Tuesday, June 16, 2009
Larry Kaplan - Guest Author Blog
Constructing The House of Ghosts
I am a self-confessed history junkie. World War II is my disease. I’ve read more than a hundred books on the most destructive period in world history when 100,000,000 died.
My late mother-in-law, Irene Lederer, was a prisoner in the Auschwitz concentration camp in 1944 when American bombers flew overhead on the way to bomb the I.G. Farben, synthetic rubber and oil plant being constructed by the camp’s inmates only four miles away. An SS Guard used to taunt her, “Deine freunde sind droben haute,” which means, “Your friends are overhead today.”
She always wondered, why didn’t those bombers attack the camp to stop the murders taking place there? By then, the world knew of the camp, and knew its only purpose was to dispose of the remnants of European Jewry.
“Deine freunde sind droben haute,” stuck in my head.
Those bombers were of the 15th Air Force based in Italy. They returned four more times and flew another forty missions in that section of Poland. No attack was ever made on the concentration camp where 700,000 Hungarian Jews awaited the ultimate outcome - death - either from gassing, beatings, hanging, or starvation.
I read Sir Martin Gilbert’s Auschwitz and the Allies. There was an inscription in the book under a picture which stated that it was taken at 22,000 feet by a B-17 bomber on one of the runs against the I.G. Farben plant. I thought that had to be wrong. I contacted veterans’ groups and befriended a retired general who, as captain, flew on one of the missions. The bombardier used the chimneys of the crematoria in Berkenau as landmarks to begin the bomb run. He told me they were at 12,000 feet and could see the trains unloading at the ramp.
I knew I had to write about this. My initial thought was to write a non-fiction book about the crews who flew on those missions. I also wanted to write about the social and political situations in the U.S. prior to WWII, and how they influenced American reaction. Why didn’t the United States lift a finger to help the helpless gain entry into the country instead of stifling immigration, specifically of European Jews? And most important, I wanted to find out why Assistant Secretary of War, John J. McCloy, did not authorize bombing of the gas chambers in Auschwitz, when one 500-pound bomb could have stopped those murders.
So, I read everything I could get my hands on -- The New York Times on microfilm, personal interviews. I buried myself on Fridays, my day off, in the Firestone Library at Princeton University, for over six months. The research was tedious and difficult. Pilots and crews either were deceased or didn’t want to talk. Only that one retired Air Force general opened up to me. He flew a B-17 in the 15h Air Force during WWII. Based in Foggia, Italy, his group, the 2nd Heavy Bombardment, flew missions to Germany, France and Poland. The Poland runs took him over the death camp. He confirmed my suspicious and stated in no uncertain terms that the accepted version that the pilots did not know what lay beneath them was untrue. The massive complex with the crematoria stacks blowing smoke and ash into the sky wasn’t an amusement park, and everyone knew it.
Unfortunately no one else would talk to me, and one man’s testimony does not make a book. Even with all the research I did, I worried that I couldn't substantiate my theories. Somewhere during this time, I also began to worry that I had a DDS after my name, not a PhD in history. Without scholarly credentials, I feared the book would never be published. This was when I decided that fiction was the best genre in which to work. I changed direction, and the process of giving life to House of Ghosts began. I would use a washed-up Westfield NJ Police Department detective and his Russian stripper neighbor to uncover two sets of diaries that spanned the years 1938-1944. One diary was written by a WASP freshman at Princeton University, the son of a Wall Street investment banker. The other diary was written by a young Jewish NYU student from Brooklyn, the son of Hungarian immigrants.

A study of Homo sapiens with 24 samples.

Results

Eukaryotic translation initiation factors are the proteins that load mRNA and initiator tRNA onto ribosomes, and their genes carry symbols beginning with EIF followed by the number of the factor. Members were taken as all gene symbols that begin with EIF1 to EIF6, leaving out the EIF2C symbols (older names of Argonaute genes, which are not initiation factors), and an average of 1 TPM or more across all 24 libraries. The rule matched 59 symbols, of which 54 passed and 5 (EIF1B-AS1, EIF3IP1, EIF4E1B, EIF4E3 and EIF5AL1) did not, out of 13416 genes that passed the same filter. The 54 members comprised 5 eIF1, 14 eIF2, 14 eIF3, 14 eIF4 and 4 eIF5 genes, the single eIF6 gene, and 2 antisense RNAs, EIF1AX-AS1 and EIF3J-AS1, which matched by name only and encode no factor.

House of Ghosts uses historical fact. It includes the aviation hero, Charles Lindbergh, and his affiliation with the isolationist organization America First and their attempts to keep the U.S. out of another European war. It shows the perceptions of American-Jewish college students to the events unfolding in Europe, and their hesitation to act. It reveals the acts of Assistant Secretary of War, John J. McCloy, the man responsible for not bombing the camps. But House of Ghosts delivers all this information through the sub-genre of mystery,
because I wanted the book to also be entertaining. The material is very serious, so placing it in the voice of a cynical New Jersey detective allowed me to control the tone, to bring in some humor and sarcasm.
House of Ghosts tells a story that I believe needs to be told, and tells it in a way that promises to reach a wider audience of readers. House of Ghosts offers an answer to a question that has been asked since 1944. I hope your readers believe that it does those things well.
“Larry Kaplan is giving away a signed copy of his book, House of Ghosts, to one lucky tour visitor. Go to Larry’s book tour page, enter your name, e-mail address, and this PIN, 8930, for your chance to win. Entries from Books, Books, the Magical Fruit will be accepted until 12:00 Noon (PT) tomorrow. No purchase is required to enter or to win. The winner (first name only) will be announced on Larry’s book tour page next week.”